Amid growing speculation that Mr Putin is poised to order an invasion of Russia, Mr Vara, speaking in the Commons on Tuesday, reminded Mr Johnson of the importance of NATO standing firm.
Yesterday, the MP for North West Cambridgeshire said he was deeply concerned at what he concerned was Putin’s campaign of “disinformation” which he was using to justify military action, as well as his apparent misunderstanding of the purpose of NATO itself.
He explained: “We saw this with Georgia in 2008 and we saw it again with Crimea in 2014 when huge amount of false narrative, spreading of rumours and misinformation.
“I think this is standard practice by Putin with a view to getting his own people on side.
“He’s not particularly concerned about whether things are correct or not, as long as his people think that he’s accurate, he’s in the right and he will do whatever is necessary to achieve that objective.”
As for the UK’s role, Mr Vara said: “This is a major global issue. Had the UK still been a part of the EU we would not have been able to be as decisive in terms of what we propose to do with our allies in NATO.
“Brexit is a good example of not being bogged down with EU bureaucracy, the need for agreement with all the other EU nations.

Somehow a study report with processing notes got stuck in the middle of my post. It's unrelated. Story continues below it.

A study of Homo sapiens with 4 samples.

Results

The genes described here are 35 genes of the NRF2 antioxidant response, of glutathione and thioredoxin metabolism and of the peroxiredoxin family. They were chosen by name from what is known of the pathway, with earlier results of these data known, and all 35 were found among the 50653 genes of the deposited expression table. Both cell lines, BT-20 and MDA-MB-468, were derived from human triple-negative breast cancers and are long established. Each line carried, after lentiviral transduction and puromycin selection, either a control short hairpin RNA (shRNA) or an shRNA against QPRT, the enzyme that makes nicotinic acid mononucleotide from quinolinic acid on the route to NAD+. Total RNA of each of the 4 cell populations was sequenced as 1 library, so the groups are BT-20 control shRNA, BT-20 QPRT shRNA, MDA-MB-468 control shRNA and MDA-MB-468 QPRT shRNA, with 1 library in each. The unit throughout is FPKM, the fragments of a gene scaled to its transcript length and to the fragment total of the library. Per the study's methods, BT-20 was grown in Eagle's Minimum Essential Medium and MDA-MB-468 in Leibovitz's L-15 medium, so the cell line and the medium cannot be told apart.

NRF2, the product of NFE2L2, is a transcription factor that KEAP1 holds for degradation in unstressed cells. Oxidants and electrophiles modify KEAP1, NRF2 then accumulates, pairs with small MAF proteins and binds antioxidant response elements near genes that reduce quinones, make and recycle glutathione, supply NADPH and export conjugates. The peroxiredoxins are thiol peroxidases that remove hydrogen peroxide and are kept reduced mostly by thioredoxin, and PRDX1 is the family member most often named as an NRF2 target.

“We’ve been able to do what we think is the best for the UK and the West and we’ve been able to take those decisions quickly.”
Mr Johnson is mired in the fallout from the investigation into various lockdown-busting parties connected with Downing Street, two of which he attended, and Westminster is awaiting the publication a potentially damning report by civil servant Sue Gray.
While Mr Vara conceded it was important to get to the bottom of what happened, and also acknowledged it as an “avoidable crisis”, he also emphasised the importance of getting things in perspective.
“For example, I had a pensioner writing to me worried about the increase in energy prices saying they were struggling to deal with them and wanting my advice and help.
“People need to know these things, and the public is rightly concerned about cost of living, energy prices – and of course, about 100,000 soldiers on the Ukrainian-Russian border.”